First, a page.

Mr. A. and I went off this weekend to do some adventurin’. We ended up a way up the Scottish East Coast, in St. Cyrus, at an Aladdin’s cave of second hand shop. Actually, to call it a shop is to be very, very kind. It’s really a yard and some sheds. The majority of the stuff is outside, year round, marinating in the Scottish weather. And there is everything out there; from rusty old lawnmowers and garden seats, to hundreds of hand-painted dainty looking teacups and crockery to commodes and electric wheelchairs. On a bad day, you’d say this place was a tip, on a good, you’d try and convince yourself that there are treasures to be hunted out. An by god was there hunting to do.
The place was really quite busy with people rooting around and there was very little idea of anyone being in charge. I found this lovely old rusty tray which I though would be goregous with teracotta plant pots on. This is where my enthusiasm starts to wain. There are no prices on anything. So you have to go up and ask. Ok, fine, haggling time right? £15 for a really sad looking tray. What??!! I have a real problem with these places sometimes. You get judged by what you’re dressed like and what your accent is and what kind of car you drive up in and thats how they come to the price. Ok, I can understand that, but haggling comes in at this point right? Nope, I’ve never come across a more sour faced salesperson. I managed to get here down to £10 with the bonus of a lovely loaf plate thrown in (she did not like that…) but even still I feel that the whole experience has tainted my enthusiasm for searching out neglected lovelies like these. Hmm, hopefully it will pass.
But otherwise what do you think? Out of curiousity I got out some silver polish and had a go to see if I could buff up the tray. I experiemented with the base and a section of the side, and guess what, after alot of elbow grease it did! But now I’m not sure I like it. In ‘In Praise of Shadows,’ Junichiro Tanizaki talks about the ‘sheen of antiquity.’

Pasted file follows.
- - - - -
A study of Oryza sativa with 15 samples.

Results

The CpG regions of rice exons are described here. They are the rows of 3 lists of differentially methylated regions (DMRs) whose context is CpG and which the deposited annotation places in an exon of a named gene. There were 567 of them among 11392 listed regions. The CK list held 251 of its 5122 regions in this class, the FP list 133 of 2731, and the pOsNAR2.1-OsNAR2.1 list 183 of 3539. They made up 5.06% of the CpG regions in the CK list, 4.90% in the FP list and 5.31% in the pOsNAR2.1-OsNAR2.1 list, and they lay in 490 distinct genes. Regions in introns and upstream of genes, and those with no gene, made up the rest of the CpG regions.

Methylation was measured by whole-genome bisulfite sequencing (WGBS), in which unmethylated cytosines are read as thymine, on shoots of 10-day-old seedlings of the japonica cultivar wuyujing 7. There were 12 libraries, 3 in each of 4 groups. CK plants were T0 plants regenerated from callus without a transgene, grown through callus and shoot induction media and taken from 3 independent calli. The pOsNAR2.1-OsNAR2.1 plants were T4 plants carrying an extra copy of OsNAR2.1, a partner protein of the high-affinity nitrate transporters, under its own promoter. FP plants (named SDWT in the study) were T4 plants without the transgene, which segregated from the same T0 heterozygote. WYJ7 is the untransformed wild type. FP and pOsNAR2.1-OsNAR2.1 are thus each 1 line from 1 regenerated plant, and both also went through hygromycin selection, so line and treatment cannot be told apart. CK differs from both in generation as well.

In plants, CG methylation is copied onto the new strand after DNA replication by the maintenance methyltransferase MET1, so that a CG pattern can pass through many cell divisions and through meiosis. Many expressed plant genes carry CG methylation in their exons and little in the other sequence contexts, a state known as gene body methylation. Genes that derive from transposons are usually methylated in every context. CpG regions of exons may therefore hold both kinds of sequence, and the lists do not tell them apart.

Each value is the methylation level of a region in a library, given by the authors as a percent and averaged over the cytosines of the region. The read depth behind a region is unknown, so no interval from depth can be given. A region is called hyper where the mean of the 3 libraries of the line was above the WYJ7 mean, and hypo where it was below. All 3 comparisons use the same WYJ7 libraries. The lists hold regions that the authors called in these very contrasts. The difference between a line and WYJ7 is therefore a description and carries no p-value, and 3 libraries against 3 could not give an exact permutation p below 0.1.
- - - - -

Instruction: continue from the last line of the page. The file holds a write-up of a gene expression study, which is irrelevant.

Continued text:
“We (the Japanese) do not dislike everything that shines, but we do prefer a pensive lustre to a shallow brilliance, a murky light that, whether in a stone or an artefact, bespeaks a sheen of antiquity. Of course this ‘sheen of antiquity’ of which we hear so much is in fact the glow of grime. In both Chinese and Japanese the words denoting this glow describes a polish that comes of being touched over and over again, a sheen produced by the oils that naturally permeate an object over long years of handling – which is to say grime. If indeed ‘elegance is frigid’, it can as well be described as filthy. There is no denying, at any rate, that among the elements of the elegance in which we take such delight is a measure of the unclean, the insanity.”
This tray has the ‘sheen of antiquity’ and thats why I fell in love with it. I’m in a muddle, should I continue to polish or not?
This is my lovely new loaf plate. Impossible to find them in stores these days. Lets try and revive the loaf plate.
Meanwhile, I was also drooling over vintage storage crates at ‘The Stitchin’ Chicken‘ this weekend and the very helpful Cheryl sent me to see ‘Funky Junk Interiors‘ which has an amazing post on vintage crates, how to use them and how to make them. Let the search begin!